Two teams of eight and nine year olds are on the ice, in full gear on a Sunday morning, while their friends and siblings are still warmly cozied under their blankets, dreaming.
It means a dozen volunteer coaches are also on the ice, ready to teach these kids ways to improve their skill.
It means parents last night set their alarms to be awake before 5:30am to make sure their kid was out of bed, fed, and dressed. Ready to be on the ice at time when most of the city is still asleep.
There was no traffic on the drive to the arena this morning. For most of the city, Sunday is the day of rest - sleep in, have a late brunch, relax with friends and family. Driving here at 6am, the only person I saw on the streets was a lone runner; a kindred spirit focused on his athletic goals.
My first choice is not to sit in a cold arena this early on a Sunday morning, but I derive some joy in being here. I feel a connection to the thousands of parents in other towns and cities across the country who started their day as I did. Coaxing a bleary-eyed child out of bed a warm bowl of oatmeal, coffee in a travel mug.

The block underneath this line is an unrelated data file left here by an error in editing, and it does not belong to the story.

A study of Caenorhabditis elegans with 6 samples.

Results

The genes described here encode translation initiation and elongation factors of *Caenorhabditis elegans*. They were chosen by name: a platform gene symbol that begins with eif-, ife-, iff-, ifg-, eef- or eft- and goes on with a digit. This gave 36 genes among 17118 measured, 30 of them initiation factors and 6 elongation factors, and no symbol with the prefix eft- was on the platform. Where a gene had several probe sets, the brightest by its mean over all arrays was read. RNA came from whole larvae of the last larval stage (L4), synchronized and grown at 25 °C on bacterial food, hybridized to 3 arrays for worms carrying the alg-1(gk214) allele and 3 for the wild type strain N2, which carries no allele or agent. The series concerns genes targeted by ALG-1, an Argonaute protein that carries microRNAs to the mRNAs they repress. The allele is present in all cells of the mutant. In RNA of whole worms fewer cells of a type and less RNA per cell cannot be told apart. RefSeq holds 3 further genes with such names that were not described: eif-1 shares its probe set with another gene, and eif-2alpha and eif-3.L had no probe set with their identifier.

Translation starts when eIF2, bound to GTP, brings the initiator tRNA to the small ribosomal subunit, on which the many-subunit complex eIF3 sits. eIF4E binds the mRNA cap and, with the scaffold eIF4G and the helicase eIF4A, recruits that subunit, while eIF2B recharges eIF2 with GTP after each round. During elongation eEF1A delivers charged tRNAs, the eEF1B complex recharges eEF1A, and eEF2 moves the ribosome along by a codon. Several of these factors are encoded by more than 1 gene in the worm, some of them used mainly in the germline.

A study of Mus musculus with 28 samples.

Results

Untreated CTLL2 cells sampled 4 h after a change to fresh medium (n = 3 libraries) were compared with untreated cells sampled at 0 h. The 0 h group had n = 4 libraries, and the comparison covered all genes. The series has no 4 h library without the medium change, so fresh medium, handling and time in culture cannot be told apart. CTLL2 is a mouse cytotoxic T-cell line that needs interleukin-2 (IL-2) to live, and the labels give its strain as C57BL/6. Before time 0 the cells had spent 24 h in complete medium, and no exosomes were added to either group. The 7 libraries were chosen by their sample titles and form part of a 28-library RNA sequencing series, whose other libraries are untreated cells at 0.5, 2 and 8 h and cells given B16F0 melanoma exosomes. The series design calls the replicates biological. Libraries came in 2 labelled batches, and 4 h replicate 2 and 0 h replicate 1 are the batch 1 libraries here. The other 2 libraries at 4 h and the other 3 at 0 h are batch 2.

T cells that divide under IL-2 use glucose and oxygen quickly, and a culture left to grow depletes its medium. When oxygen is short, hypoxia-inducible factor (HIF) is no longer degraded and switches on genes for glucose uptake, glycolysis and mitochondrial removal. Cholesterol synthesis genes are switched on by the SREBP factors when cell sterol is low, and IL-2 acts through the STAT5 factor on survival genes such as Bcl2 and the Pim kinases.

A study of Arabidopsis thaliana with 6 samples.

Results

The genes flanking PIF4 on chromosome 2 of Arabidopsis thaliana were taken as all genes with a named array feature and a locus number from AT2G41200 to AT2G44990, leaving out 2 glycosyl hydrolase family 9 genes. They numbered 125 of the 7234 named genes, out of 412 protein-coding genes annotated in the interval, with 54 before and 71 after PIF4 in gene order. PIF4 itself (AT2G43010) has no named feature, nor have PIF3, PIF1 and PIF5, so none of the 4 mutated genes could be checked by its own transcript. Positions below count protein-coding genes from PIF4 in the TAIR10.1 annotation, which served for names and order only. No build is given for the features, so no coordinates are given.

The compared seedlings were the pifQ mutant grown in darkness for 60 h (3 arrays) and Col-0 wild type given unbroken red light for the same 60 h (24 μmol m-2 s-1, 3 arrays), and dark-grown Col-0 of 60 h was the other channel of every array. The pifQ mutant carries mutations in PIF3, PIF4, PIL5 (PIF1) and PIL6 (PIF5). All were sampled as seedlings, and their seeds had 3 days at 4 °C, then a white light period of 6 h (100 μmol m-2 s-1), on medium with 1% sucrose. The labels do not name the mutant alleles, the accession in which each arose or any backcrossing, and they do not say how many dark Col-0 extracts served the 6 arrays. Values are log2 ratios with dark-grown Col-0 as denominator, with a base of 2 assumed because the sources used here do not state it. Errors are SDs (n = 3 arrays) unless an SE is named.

There is a symphony in a hockey rink, when the only sounds are from when ice connects with metal, the pucks bang against the boards, the sticks hitting the ice, connecting with a puck. The stands are mostly empty, other than the handful of parents silently watching, looking at our phones, reading books.
My son is not headed for the big leagues, but his dedication to this sport, to supporting his team, fulfilling his commitment to be here, no matter the time, tells me that he is heading somewhere and I'm happy to be along for the ride.